The power of TV: How Boots ‘N’ All kicked off a Wigan rugby league career

Sebastian Sternik
Phil Roberts Wigan Warriors wheelchair rugby league

Photo: John Baldwin/Wigan Warriors

Wheelchair rugby league is not just a pastime – it provides ‘impetus, discipline and focus’ to one’s life according to Wigan coach Phil Roberts.

One of the areas of rugby league which has enjoyed exponential growth over the past couple of years has been in the wheelchair format. 

Roberts, who started his journey in the sport back in 2007, has witnessed the progression and admits the game holds a very special place in his life. 

“The most important things for me outside of work are my family and wheelchair rugby,” Roberts told Love Rugby League

“I factor my weeks around training sessions, and my entire year around fixtures as soon as they come out. Holidays are always outside of the season or in free weeks.”

It all started with Boots ‘N’ All

The current Wigan wheelchair head coach revealed he was made aware of the sport thanks to a feature on a former Sky Sports magazine show. 

“It began for me watching Boots ‘N’ All in late 2007,” said Roberts. “One of the sections was Phil Clarke down at Robin Park with what was then called Wigan and District Wheelchair Sports Club.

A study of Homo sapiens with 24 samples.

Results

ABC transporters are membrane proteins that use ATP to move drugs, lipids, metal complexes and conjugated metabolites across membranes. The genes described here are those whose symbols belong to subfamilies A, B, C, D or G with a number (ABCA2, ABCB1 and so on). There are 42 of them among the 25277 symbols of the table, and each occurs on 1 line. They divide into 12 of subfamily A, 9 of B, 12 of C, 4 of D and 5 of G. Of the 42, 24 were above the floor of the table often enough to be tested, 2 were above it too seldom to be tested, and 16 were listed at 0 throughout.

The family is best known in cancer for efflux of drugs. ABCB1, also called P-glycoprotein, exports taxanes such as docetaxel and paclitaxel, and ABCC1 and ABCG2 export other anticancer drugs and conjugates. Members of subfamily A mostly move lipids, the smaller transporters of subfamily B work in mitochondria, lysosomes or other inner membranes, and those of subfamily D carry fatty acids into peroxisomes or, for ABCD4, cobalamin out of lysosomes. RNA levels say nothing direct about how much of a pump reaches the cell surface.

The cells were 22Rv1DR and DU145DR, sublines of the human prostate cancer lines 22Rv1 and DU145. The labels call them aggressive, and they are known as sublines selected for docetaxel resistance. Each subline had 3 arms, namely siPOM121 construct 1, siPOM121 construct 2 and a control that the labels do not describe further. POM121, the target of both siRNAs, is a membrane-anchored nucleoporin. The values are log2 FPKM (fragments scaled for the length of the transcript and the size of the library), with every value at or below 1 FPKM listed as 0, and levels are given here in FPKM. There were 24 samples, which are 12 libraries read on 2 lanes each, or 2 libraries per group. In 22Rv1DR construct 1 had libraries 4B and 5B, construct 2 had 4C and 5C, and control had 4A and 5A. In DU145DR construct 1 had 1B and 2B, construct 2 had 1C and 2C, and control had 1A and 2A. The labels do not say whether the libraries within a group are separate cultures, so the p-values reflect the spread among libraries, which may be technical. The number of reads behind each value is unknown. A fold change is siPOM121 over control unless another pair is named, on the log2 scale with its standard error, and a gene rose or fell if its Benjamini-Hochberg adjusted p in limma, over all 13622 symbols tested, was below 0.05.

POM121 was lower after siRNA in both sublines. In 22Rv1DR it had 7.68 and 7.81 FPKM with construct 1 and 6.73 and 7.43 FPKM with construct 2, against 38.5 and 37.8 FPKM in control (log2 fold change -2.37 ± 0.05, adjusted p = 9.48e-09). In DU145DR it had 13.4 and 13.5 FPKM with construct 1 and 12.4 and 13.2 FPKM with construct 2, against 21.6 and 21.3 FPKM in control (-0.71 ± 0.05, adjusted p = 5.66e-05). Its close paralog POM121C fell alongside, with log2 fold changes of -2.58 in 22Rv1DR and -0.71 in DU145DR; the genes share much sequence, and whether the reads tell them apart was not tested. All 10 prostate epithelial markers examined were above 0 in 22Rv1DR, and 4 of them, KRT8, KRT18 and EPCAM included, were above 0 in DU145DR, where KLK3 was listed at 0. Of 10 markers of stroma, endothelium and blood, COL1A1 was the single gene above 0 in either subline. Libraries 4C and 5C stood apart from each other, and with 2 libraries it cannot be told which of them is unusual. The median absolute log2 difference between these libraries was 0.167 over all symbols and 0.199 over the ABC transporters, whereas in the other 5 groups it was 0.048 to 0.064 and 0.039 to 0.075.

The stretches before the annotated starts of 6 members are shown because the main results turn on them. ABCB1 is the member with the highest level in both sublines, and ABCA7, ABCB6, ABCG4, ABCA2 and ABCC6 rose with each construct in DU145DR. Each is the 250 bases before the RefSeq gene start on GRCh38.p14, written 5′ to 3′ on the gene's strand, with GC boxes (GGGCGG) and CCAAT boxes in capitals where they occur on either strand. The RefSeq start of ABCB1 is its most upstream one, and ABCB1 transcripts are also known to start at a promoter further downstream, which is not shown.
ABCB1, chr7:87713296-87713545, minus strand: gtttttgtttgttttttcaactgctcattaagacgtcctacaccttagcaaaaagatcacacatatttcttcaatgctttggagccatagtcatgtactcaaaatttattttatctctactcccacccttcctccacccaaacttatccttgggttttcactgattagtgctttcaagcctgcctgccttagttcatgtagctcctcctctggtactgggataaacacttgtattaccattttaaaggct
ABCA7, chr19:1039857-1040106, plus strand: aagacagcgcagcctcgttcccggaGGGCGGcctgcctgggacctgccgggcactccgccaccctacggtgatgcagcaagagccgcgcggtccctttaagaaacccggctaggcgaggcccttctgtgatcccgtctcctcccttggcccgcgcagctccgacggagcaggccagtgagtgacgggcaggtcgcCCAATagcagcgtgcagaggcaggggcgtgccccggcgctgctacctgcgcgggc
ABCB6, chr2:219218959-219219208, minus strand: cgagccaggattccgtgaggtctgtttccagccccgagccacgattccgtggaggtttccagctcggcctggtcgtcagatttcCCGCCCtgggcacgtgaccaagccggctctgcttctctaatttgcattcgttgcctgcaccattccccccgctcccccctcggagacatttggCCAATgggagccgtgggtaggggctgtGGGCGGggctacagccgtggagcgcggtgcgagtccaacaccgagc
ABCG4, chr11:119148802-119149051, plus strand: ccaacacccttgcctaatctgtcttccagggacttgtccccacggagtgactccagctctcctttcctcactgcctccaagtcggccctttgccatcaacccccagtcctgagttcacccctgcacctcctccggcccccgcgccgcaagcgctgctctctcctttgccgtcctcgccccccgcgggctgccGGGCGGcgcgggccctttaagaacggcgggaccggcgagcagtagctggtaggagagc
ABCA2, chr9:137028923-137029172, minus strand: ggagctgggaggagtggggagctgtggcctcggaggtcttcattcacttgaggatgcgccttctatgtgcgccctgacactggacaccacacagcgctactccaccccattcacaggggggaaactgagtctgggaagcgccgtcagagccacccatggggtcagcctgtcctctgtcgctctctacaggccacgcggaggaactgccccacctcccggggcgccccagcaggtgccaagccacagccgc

“That was one of two clubs in the country. Wheelchair rugby league hadn’t been in the UK for too long then. 

“I thought ‘wow’. I heard of wheelchair rugby before, but that was the Paralympic version. It’s not rugby in any shape or form other than the name. 

“I saw this and thought ‘wow, they play rugby league in wheelchairs’. I had to get down there, had to have a look. It just took off from there.

“Over the years, I’ve been at a couple of different clubs and then we found out that Wigan were starting a wheelchair rugby league team. 

“As someone who has followed Wigan since I was a boy, stood at the terraces at Central Park, it was a no-brainer when the opportunity came to be involved. I’m glad to have been involved since the outset and I believe we’re building good things.”

Wheelchair rugby league keeps me motivated

Having played his part in the sport for 16 years, it’s unsurprising to learn that Roberts holds a special place in his heart for wheelchair rugby league. 

“It’s been huge,” he said.  “I’ve had a couple of periods in my life where, because of my disability and being out of work, (wheelchair rugby league) has been a consistent thing for me. 

“It’s kept me motivated, keeps me fit, keeps me healthy. I’m very motivated to go to the gym. I train as often as I can. Sometimes five or six days a week when we don’t have a game. 

“It’s wheelchair rugby league that keeps me doing that. I want to stay fit to make sure I can compete with the team, to make sure I’m not the person that’s going to let anybody down. 

“It really provides me with a level of impetus, discipline and focus.”